PUBLIC LECTURE: Lutherís Reformation at 500: Myth, Memory, and the Making of History
|Lutherís Reformation at 500: Myth, Memory, and the Making of History : This is an Institute of Advanced Studies and Centre for Medieval and Early Modern Studies series of lectures.
Itís not at all certain that Luther nailed his Ninety-Five Theses to a church door in Wittenberg in October of 1517. Nevertheless, this moment continues to be commemorated as marking the beginning of the Protestant Reformation, an enormously complex series of religious, political, social, and cultural transformations that fractured the Christian church and divided Europe. This lecture will consider 1) the significance of Lutherís Theses in the larger historical and theological context of the period, 2) how Luther was imagined and remembered by his contemporaries, and 3) how the shadow of Luther continues to obscure our historical understanding of the sixteenth-century religious reformations five hundred years later.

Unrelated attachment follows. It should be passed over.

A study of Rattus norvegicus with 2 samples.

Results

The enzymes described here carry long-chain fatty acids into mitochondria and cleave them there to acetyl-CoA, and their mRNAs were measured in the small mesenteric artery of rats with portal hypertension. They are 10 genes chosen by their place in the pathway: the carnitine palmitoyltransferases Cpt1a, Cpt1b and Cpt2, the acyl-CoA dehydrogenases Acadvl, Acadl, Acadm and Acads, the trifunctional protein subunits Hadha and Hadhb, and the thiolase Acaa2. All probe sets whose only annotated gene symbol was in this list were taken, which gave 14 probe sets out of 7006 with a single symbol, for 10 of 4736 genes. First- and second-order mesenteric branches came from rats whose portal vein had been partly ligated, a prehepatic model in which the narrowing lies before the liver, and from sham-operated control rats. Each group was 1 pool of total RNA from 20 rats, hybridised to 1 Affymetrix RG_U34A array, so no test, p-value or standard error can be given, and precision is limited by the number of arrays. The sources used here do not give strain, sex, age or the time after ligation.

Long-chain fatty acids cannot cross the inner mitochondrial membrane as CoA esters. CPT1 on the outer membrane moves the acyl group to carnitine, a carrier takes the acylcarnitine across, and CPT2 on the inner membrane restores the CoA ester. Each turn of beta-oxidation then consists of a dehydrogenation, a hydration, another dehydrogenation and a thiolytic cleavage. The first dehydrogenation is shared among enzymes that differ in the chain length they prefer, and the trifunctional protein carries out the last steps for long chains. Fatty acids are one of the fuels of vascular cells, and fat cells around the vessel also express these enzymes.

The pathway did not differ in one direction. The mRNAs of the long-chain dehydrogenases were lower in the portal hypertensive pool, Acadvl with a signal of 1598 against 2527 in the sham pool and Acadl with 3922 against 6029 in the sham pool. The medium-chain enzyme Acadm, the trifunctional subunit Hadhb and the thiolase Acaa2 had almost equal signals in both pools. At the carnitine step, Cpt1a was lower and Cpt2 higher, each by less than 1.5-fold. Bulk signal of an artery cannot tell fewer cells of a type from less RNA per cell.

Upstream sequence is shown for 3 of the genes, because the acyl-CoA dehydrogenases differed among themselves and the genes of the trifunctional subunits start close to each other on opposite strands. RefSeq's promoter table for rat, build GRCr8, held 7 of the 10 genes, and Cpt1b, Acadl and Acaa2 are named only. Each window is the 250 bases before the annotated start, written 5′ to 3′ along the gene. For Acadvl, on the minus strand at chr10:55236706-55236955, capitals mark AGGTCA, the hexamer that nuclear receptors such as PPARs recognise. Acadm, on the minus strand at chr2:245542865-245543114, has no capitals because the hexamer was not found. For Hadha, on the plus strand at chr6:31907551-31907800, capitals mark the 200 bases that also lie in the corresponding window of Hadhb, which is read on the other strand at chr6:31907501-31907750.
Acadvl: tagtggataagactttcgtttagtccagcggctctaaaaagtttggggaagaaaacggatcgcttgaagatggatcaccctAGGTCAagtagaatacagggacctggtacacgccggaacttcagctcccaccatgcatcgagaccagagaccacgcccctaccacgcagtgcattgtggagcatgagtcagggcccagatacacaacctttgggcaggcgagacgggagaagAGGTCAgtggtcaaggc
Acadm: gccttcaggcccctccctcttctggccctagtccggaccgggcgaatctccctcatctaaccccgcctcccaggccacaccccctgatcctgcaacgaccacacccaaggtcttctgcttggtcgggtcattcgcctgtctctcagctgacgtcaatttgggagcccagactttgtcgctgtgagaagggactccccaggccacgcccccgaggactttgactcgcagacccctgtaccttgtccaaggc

Kirk Essary is a postdoctoral research fellow for the ARC Centre for the History of Emotions at UWA. He is an intellectual and religious historian of the sixteenth century, and his first book is Erasmus and Calvin on the Foolishness of God: Reason and Emotion in the Christian Philosophy (University of Toronto Press, 2017).
About this Series
On the 500th anniversary of the beginning of the Protestant Reformation, this UWA Institute of Advanced Studies Ė Centre for Medieval and Early Modern Studies Lecture Series reconsiders the legacy of Martin Luther, who in 1517 published Ninety-Five Theses criticising the Churchís sale of indulgences. From diverse historical perspectives, UWA researchers tackle key issues regarding Lutherís life, his thought, and his significance for the momentous changes that Europe underwent during his lifetime.